From past observation data, it is known that Japan tends to experience a warm winter in years when El Niño (a phenomenon in which the sea surface temperature in the equatorial Pacific Ocean becomes higher) occurs. The warm winter of 2023−24 followed this trend. However, there have been many cases of cold winters in Japan during El Niño years, such as the record cold winter experienced during the El Niño occurrence of 2014−15. The mechanism that determines warm and cold winters during El Niño years remains unknown. A research group led by Post-doctoral Fellow Masahiro Shiozaki, Professor Hiroki Tokinaga, and Assistant Professor Masato Mori of the Research Institute for Applied Mechanics at Kyushu University, analyzed large-scale numerical simulation data that reproduced 100 different weather events over the past 61 years. They found that the difference between the early and late development of El Niño events from summer to winter greatly influences whether Japan tends to have a warm or a cold winter in that year and revealed the mechanism of the El Niño influence. The results were published in the Journal of Climate.

The research group analyzed large-scale numerical simulation data called d4PDF to evaluate the impact of El Niño events on the winters that Japan tends to have while controlling internal atmospheric variability. The simulation calculated changes in the atmosphere during 1,700 El Niño events, and by averaging them all together, the effect from internal atmospheric variability is reduced to as little as possible; thus, only the effect of El Niño events is extracted.

An analysis of this data showed that if a strong El Niño event develops early in the summer, sea surface temperatures in the tropical Indian Ocean will also increase significantly. Their synergistic effects suppress active precipitation activity off the east coast of the Philippines. This suppression of the precipitation activity creates high atmospheric pressure off the southeast coast of Japan, causing the prevailing westerly winds to meander significantly to the north. This will weaken the blowing of cold air into the East Asian region, including Japan, resulting in a warm winter being more likely. Conversely, even if an El Niño event does occur, the slow progression of its development will not result in a significant increase in water temperature in the tropical Indian Ocean. Consequently, the precipitation activity off the east coast of the Philippines is suppressed only slightly; hence, high atmospheric pressure does not form off the southeast coast of Japan.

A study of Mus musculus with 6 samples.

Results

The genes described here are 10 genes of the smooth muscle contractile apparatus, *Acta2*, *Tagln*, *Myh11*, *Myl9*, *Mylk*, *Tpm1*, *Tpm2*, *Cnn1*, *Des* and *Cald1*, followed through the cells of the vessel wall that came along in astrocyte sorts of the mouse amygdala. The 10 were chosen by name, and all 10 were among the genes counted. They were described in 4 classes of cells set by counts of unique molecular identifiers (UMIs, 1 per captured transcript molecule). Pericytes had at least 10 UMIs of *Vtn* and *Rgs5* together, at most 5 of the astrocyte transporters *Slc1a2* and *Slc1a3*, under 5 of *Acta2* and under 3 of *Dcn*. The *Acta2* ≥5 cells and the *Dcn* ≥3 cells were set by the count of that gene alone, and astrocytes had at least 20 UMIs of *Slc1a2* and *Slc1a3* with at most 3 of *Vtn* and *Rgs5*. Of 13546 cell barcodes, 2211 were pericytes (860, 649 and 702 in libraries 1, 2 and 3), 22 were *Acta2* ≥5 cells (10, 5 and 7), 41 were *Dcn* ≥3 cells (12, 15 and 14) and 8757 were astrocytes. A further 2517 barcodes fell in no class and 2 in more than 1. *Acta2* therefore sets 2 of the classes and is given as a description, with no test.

Meanwhile, when a low-pressure system over the North Pacific extends to the vicinity of Japan, it strengthens the winter pressure pattern of high in the west and low in the east as well as the blowing of cold air, making it easier to have a rather cold winter tendency. This finding is expected to contribute to improving the accuracy of seasonal forecasts, such as three-month forecasts, by better reproducing the relation between El Niño events and Indian Ocean variations using numerical simulation models.

Journal Information
Publication: Journal of Climate
Title: What Determines the East Asian Winter Temperature during El Niño? — Role of the Early-Onset El Niño and Tropical Indian Ocean Warming
DOI: 10.1175/JCLI-D-23-0627.1

This article has been translated by JST with permission from The Science News Ltd. ( Unauthorized reproduction of the article and photographs is prohibited.